A punter isn't exactly a position that brings much fanfare to a football team. However, according to NFL Network's Rich Eisen, punters are people too.
When a kid named Zoltan Mesko walks through the doors of Schembechler Hall in the mid-2000s, it's almost impossible to miss that name on a media guide. When it caught on, it turned into a frenzy. It started with the student section throwing up a "Z" any time he would come up to punt, he even earned the nickname "Space Emperor."
However, to an 11-year-old kid arriving from Hungary to the United States, it was just a name.
"Piggy-backing off Ashton Kutcher and Dude Where's My Car? where they throw up the 'Z' for their God in that movie," Mesko joked. "At first when I came to the US, I hated my name. I wanted to change it. It wasn't translated like my parents names. My parents names were translated to Michael and Elizabeth and I have this weird name."
Although Mesko may have hated it at first, his unusual name did end up helping him a few years down the line.
"But, it ended up working out in my favor as far as recruiting goes. When you have John Smith the punter coming in, or any other type of recruit, my name kind of engraves itself to your skills. Where they're like, 'that weird guy with the Z name. I just welcomed the love from the fans, it was a humbling experience."
Rated as a top-5 punter in the country by the major scouting websites, Mesko was unaware of his abilities at first. It was only after he went to football camps and dominated the other punters that he started looking towards the next level.
No matter where he was going to go, academics always came first.
With immigrant parents that came to the United States with no savings to speak of, Mesko thought he would be taking out a loan to attend a prestigious school like Carnegie Mellon or Case Western. At least, that was the original idea.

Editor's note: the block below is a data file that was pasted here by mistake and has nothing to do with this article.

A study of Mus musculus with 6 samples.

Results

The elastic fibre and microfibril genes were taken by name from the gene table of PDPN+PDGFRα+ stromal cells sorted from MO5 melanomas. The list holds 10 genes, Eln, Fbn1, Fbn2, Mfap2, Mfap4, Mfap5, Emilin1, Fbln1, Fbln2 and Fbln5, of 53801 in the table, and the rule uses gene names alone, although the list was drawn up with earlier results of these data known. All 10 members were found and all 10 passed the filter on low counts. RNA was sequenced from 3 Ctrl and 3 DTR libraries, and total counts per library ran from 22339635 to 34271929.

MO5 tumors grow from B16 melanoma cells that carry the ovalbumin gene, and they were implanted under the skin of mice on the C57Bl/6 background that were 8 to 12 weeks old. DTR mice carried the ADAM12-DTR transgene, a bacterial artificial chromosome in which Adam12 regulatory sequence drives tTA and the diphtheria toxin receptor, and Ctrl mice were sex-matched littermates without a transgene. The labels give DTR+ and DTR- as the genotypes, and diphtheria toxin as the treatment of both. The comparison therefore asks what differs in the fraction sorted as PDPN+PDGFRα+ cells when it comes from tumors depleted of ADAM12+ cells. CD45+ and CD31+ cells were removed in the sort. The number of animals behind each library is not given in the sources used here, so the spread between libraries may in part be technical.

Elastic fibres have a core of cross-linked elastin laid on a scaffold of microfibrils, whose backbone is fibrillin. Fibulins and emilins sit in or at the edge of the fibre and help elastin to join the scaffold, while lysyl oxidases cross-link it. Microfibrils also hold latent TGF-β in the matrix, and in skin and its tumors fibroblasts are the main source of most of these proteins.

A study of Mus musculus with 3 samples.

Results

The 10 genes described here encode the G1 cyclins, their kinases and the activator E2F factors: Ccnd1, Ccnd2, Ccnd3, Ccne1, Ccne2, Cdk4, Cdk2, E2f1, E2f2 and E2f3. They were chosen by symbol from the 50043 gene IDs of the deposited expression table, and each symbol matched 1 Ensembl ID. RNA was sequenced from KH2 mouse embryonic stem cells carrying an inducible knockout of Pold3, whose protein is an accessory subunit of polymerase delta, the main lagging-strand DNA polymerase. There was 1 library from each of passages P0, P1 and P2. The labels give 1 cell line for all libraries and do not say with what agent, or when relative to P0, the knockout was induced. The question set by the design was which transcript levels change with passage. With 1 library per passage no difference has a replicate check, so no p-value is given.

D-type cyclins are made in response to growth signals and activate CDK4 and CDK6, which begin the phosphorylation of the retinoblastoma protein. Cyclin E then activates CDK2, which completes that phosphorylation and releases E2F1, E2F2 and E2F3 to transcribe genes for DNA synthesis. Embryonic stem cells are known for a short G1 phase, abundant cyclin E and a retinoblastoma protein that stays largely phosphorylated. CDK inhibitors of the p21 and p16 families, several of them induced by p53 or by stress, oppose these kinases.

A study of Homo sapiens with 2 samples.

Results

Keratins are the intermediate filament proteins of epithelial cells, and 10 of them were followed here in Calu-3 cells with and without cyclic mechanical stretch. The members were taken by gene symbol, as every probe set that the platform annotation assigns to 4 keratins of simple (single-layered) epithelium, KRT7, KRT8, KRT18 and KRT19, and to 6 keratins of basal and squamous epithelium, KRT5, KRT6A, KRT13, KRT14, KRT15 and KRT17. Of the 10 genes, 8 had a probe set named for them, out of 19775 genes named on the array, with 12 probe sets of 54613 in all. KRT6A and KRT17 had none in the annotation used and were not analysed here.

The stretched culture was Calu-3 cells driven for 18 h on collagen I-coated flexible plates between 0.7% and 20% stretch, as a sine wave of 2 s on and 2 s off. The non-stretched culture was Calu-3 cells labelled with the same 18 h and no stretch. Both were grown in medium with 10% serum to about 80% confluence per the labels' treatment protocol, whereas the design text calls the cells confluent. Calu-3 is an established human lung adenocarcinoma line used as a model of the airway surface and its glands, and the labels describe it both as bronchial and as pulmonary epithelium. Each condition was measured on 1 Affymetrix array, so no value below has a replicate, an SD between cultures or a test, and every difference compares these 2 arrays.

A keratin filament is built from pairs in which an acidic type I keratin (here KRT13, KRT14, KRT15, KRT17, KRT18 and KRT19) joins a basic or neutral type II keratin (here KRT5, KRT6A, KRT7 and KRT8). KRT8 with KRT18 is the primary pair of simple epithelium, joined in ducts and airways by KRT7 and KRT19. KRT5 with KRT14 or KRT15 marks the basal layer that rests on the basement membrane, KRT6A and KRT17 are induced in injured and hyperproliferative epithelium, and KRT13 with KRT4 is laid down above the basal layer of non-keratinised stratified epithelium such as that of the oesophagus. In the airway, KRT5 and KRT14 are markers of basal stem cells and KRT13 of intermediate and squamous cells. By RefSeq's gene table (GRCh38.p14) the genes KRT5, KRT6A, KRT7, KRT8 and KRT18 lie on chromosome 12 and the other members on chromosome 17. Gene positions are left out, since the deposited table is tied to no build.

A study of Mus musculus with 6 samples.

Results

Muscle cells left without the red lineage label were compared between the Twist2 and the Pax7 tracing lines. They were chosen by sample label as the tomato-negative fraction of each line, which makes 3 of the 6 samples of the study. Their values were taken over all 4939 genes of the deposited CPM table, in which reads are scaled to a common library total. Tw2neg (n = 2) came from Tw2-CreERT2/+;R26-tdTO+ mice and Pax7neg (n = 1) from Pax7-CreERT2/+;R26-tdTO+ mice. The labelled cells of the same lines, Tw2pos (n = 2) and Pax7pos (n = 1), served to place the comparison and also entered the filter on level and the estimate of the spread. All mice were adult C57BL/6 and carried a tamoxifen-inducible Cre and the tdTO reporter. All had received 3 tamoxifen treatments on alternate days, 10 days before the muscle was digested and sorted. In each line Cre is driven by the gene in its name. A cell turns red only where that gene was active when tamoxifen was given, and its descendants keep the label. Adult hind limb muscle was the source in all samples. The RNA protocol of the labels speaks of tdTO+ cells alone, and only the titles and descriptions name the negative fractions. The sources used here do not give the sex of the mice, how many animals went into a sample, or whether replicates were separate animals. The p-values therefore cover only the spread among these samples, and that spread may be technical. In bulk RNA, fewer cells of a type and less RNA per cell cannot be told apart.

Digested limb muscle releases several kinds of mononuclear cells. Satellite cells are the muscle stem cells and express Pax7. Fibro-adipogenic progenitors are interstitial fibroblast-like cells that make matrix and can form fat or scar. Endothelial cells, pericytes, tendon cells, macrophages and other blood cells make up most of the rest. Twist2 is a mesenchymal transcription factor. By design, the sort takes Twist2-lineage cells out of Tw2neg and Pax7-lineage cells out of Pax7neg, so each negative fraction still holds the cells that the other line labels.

It wasn't until Michigan came calling that changed those plans.
Originally growing an Ohio State fan in Cleveland, even with a personalized Buckeye jersey, he always had respect for the Wolverines and would be willing to listen to what they had to say.
"In combination with the academics, I couldn't make a better choice with the national exposure the football program receives and what a great academic institution Michigan is," Mesko said. "It was the best of both worlds."
With Mesko firmly committed to the Wolverines, his childhood team would come knocking two hours later with a scholarship offer. From June 2004 all the way to National Signing Day, the Buckeyes would apply the full-court press towards Mesko and his family to take an official visit to campus. However, it was too little too late for Mesko, he decided staying true to his word and remain committed to the Wolverines.
The path to stardom at Michigan went off to a slow start. Failing to gain an edge over Ross Ryan, he was redshirted his freshman year. An experience that Mesko said that was very humbling and knocked him down to earth. Even through the humbling process, former Michigan head coach Lloyd Carr was always honest throughout the process.
"There was always an honesty about Coach Carr," Mesko said. "In the college football world, I wasn't brave enough, and neither are a lot of people brave enough, to ask your coach where you stand. You just keep your mouth shut and work hard, things are going to pan out because if your job is incentivized by wins then you're going to put the best guy out there."
Mesko would go on to appear on All-Big Ten lists during his time at Michigan, and even spent a few years in the NFL with the Patriots, Steelers and Bengals.
"Coach Carr is a like a second grandpa to me, he's unbelievable," Mesko said. "He tried to teach us a lesson every single day. Every single day we went into team meetings he was going to tell us a certain story. He always quoted Shakespeare and recited poetry to us. I do believe the little things, and all the things Coach Carr did prepared us for life."
"That's the one thing that the guys bought into, is that he cared about you getting your degree first. If it meant you coming late to practice and you getting your degree instead, he was fine with that. That's why people love him so much is because he cared about you first. By the way, Brady Hoke is that kind of coach."
There's more to a name than just letters, there's a story behind every person. Although Mesko's story, like his name, is unusual, he will always be aided by the guidance of Carr and the Michigan football program shaping him into the man he has become today.
For more information on the Zoltan Mesko Foundation, you can view the website here.